Photo credits to Ben Siegel

On a Friday night in downtown Menlo Park, the newly reopened Guild Theatre lit up El Camino Real with its bright marquee and lively crowd. Cover-band “Pride & Joy” performed a variety of funk and disco throwbacks in shimmering blue outfits, pleasing the mostly middle-aged crowd with a wave of nostalgia. 

Cover-band “Pride & Joy” perform at The Guild on August 26th, 2022

Originally named “The Menlo,” The Guild opened in 1926 as the first in a string of movie theaters down the Peninsula on El Camino Real. Since then, the other El Camino theaters in San Bruno, Millbrae, Hillsdale, and Belmont have been shut down and replaced with video game and furniture stores, leaving The Guild as El Camino’s last standing single-screen movie theater.

Through the 2010s, The Guild remained an endearing art house, known for showing lesser-known films that were not shown anywhere else in the Peninsula. Fans also loved The Guild for its monthly screening of cult classic comedy-horror film The Rocky Horror Picture Show, which included interactive elements and live performers.

The Guild was first put on the market in 2016, causing immediate backlash from Menlo Park locals. The theater’s strongest defender was Judy Adams, who stood outside movie showings with a “Save the Guild” petition that reached 4,000 signatures and was presented to the Menlo Park City Council. In the end, though, Adams’ efforts were unsuccessful.

The theater stayed open for 93 years, but officially closed on September 6th, 2019 after being purchased by three Peninsula Arts Guild investors who planned to turn the cinema into a live music venue after growing weary of driving to San Francisco to see live music. The venue’s current general manager, Tom Bailey, explained that “Peninsula Arts Guild was founded with one goal in mind: to bring live music, film and the arts to the mid-Peninsula.”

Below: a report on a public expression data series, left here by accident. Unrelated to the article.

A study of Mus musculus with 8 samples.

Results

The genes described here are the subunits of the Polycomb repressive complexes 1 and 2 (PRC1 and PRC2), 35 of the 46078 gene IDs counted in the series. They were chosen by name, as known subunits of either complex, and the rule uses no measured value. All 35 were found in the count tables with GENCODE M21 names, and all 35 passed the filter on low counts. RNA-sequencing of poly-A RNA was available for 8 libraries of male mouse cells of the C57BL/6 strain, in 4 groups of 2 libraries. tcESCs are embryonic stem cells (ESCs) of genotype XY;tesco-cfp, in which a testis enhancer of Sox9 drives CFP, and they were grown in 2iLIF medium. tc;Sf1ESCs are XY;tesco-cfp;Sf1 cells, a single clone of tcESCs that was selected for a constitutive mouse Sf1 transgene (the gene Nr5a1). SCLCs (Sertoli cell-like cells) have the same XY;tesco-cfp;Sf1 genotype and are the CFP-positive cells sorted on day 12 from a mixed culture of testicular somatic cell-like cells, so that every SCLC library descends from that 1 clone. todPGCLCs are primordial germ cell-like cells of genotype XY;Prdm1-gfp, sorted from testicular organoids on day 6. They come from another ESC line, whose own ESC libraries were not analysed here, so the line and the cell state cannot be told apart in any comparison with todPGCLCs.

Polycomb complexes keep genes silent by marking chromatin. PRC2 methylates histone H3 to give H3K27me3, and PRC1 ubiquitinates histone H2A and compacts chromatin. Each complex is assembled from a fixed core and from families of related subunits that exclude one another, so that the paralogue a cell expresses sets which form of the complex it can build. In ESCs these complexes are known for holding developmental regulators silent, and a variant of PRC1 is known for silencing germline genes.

A $35 million renovation ensued, in which the entire theater was torn down aside from the two side walls. The new theater opened in February of 2022, with a bright and modern interior designed by Ken Fulk. However, The Guild’s recognizable marquee sign helps preserve the original style and feel of the theater. Bridgitte Chatellier, who works in the box office, said that “We definitely created the vibe of a 1930s art-deco art house…you just can’t get this everywhere.”

One of The Guild’s bars, displaying an original 1926 light fixture

The renovated theater includes a three-tiered standing room, a seated mezzanine, two full bars, 170 lights, and over 9,000 acoustic holes in the ceiling. Additionally, two light fixtures from the original Guild Theater add a sentimental art-deco ambiance. Downstairs, performers can be found in a luxurious green room that Chatellier says “makes it really at home for the artist.” The Guild hopes to host performers of all sizes and genres, and has space for music, film, and other special events such as comedy shows, book readings, and private parties. Bailey said that the venue is “versatile” and “will try just about anything.” The new theater also has a 500+ capacity, which is much larger than the original theater’s capacity of 220.

The theater also functions as a non-profit and focuses on giving back to the community. Bailey explained that “By operating as a not-for-profit venue, all we need to do is cover our expenses (principally our staff and venue operations) and any surplus, if we have one, can go back to the community by way of free public events or donations of the venue for non-profit functions.” Chatellier also explained how the venue focuses on making their events accessible to everyone in the community, especially those with disabilities who might not feel accommodated at other venues. These accessibility measures include an elevator and moveable chairs for wheelchair users.

The green room has everything an artist could need or want the night of their show!

Since opening, The Guild has hosted many successful events and has seen a steady increase in audience attendance as word about the nightspot spreads. During a set break at the “Pride & Joy” concert, frequent patron John Donald described the venue’s demographic as “mostly in their 40s-50s, but some shows also draw a much younger crowd.”

The new Guild Theatre is fresh and modern, but preserves the charm that has made the theater so well-loved for the past 96 years. The Guild’s upcoming season includes performances by “The Wallflowers,” Joe Pug, and a return of the theater’s celebrated Rocky Horror Picture Show night.

Ben Siegel is a sophomore at M-A and in his first year in journalism. He loves to write about music, pop culture, and local news.